Road Hole Is An A-Hole: Open Championship 2015

The Road Hole is an a-hole, Tiger Woods isn’t Tiger Woods anymore and other lessons learned now that we’re halfway through the Open Championship, aka British Open 2015. Report.

 

aNewDomainrodney-campbell-anewdomain — It took three days, but we’re finally halfway through the Open Championship in Scotland. What have we learned through the first two rounds at the Old Course at St. Andrews?

You can’t faze Dustin Johnson

A lesser player would have gone into a shell after Johnson’s disappointing finish to the U.S. Open. Everyone remembers his three-putt from 12 feet to lose out on either the outright title or a playoff with eventual winner Jordan Spieth.

Johnson has come back strong at the Open. He’s on top of the leaderboard at 10-under par, one shot up on one-time leader Danny Willett. There are 20 players within five shots of the lead entering the third round, including Spieth. As everyone knows, Spieth is shooting for his third consecutive major title.

The Road Hole is an a-hole

The par-4 17th hole is playing at a 4.679 average, easily the largest differential on the course. Next toughest is the par-4 16th, which is playing 4.266.

During the first round, 156 players took on the Road Hole and not a single one recorded a birdie. Only 35 managed par.

The Road Hole earned its name because of the road that runs along the back and side of the green. The historic Old Course Hotel is an imposing site off the tee box, getting in the way of amateurs’ first shots. The hotel’s windows are made of bullet-proof glass.

Even the pros are struggling with it, mostly because of a bunker on the left front of the green that collects wayward shots. Two-time Masters winner Bubba Watson blew up there in the second round, taking a triple bogey in the second round, bad enough to keep him from making the cut.


Maybe he’s just a new Tiger Woods. A much less talented one. Just a few months short of his fortieth birthday, Woods missed the cut by an amazing seven shots. He had three birdies in two rounds.

“The golf course didn’t play that hard,” Woods said after the second round. “I just didn’t get anything out of my two rounds. It’s frustrating.”

Woods has missed the cut in three of his last four majors, the lone exception being this year’s Masters, where he finished tied for 17th. He made the cut in his first 37 majors as a pro.

His struggles have dropped him to an unimaginable No. 254 in the world. He has spent a record 683 weeks in the No. 1 spot; Greg Norman is second at 331.

Woods’ next start comes at the Quicken Loans National in two weeks.

No one knows what to expect.

Saturday’s play should have never started

Weather problems and the Open Championship go together like fish and chips. But we haven’t seen a day like Saturday in ages.

After 32 minutes of wild and windy conditions (gusts reached 40 mph), officials from the Royal & Ancient Golf Club of St. Andrews called play for what turned into more than a 10-hour delay. Rounds were finally completed at 9 p.m., putting the event at the halfway mark at last after a lengthy rain stoppage Friday.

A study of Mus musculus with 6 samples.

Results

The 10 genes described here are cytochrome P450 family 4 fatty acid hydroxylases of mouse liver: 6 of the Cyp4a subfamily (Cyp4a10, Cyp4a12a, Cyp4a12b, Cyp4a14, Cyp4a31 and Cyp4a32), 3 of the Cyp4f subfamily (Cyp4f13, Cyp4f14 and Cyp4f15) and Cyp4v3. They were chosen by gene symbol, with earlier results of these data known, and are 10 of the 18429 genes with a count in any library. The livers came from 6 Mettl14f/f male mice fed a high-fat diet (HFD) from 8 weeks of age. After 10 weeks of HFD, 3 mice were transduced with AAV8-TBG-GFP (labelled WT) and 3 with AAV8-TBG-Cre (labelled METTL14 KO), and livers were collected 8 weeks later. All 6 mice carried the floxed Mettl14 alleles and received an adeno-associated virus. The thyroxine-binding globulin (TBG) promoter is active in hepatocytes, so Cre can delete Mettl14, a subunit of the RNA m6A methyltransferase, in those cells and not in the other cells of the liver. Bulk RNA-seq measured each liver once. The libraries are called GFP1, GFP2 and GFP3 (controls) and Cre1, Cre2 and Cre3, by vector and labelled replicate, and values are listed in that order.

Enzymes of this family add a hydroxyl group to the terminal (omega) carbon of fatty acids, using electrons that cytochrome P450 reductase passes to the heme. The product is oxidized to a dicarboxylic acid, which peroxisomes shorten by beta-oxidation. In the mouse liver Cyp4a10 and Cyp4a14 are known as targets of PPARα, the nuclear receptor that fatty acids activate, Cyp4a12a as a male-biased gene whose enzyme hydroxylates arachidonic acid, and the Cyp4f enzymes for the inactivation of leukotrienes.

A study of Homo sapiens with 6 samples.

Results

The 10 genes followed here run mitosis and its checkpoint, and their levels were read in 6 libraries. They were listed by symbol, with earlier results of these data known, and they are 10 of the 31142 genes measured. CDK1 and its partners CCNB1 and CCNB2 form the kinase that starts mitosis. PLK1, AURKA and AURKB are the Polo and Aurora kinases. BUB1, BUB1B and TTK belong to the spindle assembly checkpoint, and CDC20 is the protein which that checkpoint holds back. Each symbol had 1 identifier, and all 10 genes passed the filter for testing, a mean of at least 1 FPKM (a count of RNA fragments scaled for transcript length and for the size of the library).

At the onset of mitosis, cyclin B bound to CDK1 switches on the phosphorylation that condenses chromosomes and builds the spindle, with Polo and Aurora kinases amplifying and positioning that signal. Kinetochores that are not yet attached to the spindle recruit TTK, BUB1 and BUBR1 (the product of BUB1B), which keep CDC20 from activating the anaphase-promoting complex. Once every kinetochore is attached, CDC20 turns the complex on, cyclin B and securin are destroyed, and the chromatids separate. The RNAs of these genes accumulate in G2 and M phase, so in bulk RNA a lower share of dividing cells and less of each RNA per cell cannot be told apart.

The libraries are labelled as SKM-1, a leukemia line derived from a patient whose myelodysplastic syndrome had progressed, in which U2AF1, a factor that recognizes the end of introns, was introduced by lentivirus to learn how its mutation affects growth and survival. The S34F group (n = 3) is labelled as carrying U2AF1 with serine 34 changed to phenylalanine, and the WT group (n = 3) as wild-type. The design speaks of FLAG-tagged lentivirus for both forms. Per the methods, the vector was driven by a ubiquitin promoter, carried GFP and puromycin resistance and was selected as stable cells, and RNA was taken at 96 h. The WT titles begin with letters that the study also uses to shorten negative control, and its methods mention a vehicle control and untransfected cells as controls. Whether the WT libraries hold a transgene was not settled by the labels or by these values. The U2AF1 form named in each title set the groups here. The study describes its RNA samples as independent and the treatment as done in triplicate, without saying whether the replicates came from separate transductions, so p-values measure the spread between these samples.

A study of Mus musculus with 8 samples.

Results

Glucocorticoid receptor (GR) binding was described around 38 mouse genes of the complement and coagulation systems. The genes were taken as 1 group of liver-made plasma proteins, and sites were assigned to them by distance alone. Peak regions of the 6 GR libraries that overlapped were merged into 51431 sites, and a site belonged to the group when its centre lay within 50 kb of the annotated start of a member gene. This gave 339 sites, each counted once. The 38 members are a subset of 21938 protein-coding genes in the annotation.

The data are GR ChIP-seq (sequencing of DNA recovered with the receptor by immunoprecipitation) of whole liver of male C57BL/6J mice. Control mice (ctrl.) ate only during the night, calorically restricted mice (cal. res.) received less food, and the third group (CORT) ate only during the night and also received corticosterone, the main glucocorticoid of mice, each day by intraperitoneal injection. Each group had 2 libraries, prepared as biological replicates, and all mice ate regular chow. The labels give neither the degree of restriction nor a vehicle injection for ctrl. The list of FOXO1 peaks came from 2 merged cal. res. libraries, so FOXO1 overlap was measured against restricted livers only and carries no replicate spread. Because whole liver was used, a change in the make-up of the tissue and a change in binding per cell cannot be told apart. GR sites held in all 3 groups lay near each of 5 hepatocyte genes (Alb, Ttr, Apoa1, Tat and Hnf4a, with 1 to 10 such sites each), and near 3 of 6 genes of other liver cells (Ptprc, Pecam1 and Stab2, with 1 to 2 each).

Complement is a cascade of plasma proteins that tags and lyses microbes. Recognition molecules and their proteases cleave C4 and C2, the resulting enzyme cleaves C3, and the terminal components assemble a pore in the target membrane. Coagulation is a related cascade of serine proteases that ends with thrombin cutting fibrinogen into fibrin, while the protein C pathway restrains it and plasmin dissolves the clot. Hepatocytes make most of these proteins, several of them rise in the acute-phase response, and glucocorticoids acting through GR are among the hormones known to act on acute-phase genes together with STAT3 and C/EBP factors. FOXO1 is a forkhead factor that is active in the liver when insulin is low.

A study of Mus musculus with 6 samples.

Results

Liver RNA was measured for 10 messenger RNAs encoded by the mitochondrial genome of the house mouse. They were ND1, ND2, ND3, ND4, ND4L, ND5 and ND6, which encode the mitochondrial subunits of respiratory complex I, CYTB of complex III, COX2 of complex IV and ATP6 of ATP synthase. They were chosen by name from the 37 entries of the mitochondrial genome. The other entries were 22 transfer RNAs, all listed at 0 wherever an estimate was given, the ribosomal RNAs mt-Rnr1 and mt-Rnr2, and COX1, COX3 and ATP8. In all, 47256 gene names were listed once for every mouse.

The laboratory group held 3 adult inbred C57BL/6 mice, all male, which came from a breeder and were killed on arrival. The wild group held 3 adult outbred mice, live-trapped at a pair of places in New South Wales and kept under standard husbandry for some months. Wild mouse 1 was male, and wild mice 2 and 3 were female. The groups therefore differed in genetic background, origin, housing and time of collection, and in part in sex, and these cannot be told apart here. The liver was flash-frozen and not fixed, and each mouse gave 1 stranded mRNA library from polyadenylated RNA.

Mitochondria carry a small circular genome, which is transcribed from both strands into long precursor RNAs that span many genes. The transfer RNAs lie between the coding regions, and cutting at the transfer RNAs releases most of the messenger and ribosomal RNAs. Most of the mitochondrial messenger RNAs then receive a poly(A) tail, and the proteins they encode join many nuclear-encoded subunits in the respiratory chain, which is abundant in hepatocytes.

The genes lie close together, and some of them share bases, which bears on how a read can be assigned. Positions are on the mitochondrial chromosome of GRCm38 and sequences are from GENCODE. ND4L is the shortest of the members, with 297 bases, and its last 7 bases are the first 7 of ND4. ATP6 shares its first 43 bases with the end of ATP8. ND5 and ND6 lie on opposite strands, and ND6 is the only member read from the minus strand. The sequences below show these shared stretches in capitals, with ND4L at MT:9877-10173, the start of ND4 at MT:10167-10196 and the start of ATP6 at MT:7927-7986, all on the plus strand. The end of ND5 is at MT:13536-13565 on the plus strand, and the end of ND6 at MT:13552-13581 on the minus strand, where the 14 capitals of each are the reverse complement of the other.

Spieth three-putted the 14th hole during Saturday morning’s wind-blown brief play. Johnson bogeyed the same hole when the wind caught his putt and blew it off the green.

“Obviously, from our point of view, it didn’t seem like it was playable,” Spieth said to ESPN.

You think?


Tom Watson, 65, and Nick Faldo, 58, made their final Open Championship appearances at St. Andrews. Watson has made his last Open start and Faldo has hinted that this could be his farewell.

Neither legend made the cut, each taking his final walk across the Swilcan Bridge on the 18th hole to much acclaim. Watson, a five-time winner of the event, barely got his second round in after a rain delay pushed back play substantially. Flashbulbs popped as Watson and his playing partners and caddies posed for photos in the closing darkness as the legendary American played his penultimate major. He says next years Masters will be his finale.

Faldo, much more Surly Nick than Sir Nick during his playing career, showed his lighter side by donning a the pastel yellow sweater (Brits call them jumpers) he wore during his 1987 Open win as he crossed the Swilcan Bridge. He admirably shot a 71 in the second round after stumbling to an 83 on the opening day.

Faldo is better known now as a golf commentator on CBS and Golf Channel. He has won six majors in his career, including three Open Championships.

“I’ve been 11 years on TV now, so I’m not going to be a golfer again,” Faldo told the BBC after the round.

Two rounds down with two to go. Play will continue into Monday for just the second time in the event’s 155-year history. Just as well. No one wants this to end.

For aNewDomain, I’m Rodney Campbell.

Photo of the Swilcan Bridge courtesy of Optograph, All Rights Reserved. Photo of Tiger Woods courtesy of Tim Hipps, Special to American Forces Press Service, U.S. Army, via defenselink.mil, All Rights Reserved; Photo of Tom Watson courtesy of Jonathan Palombo, All Rghts Reserved.

 

About the author

Rodney Campbell

Based in Phoenix, Rodney Campbell is a sportswriter and travel editor for aNewDomain and our sister pub, BreakingModern.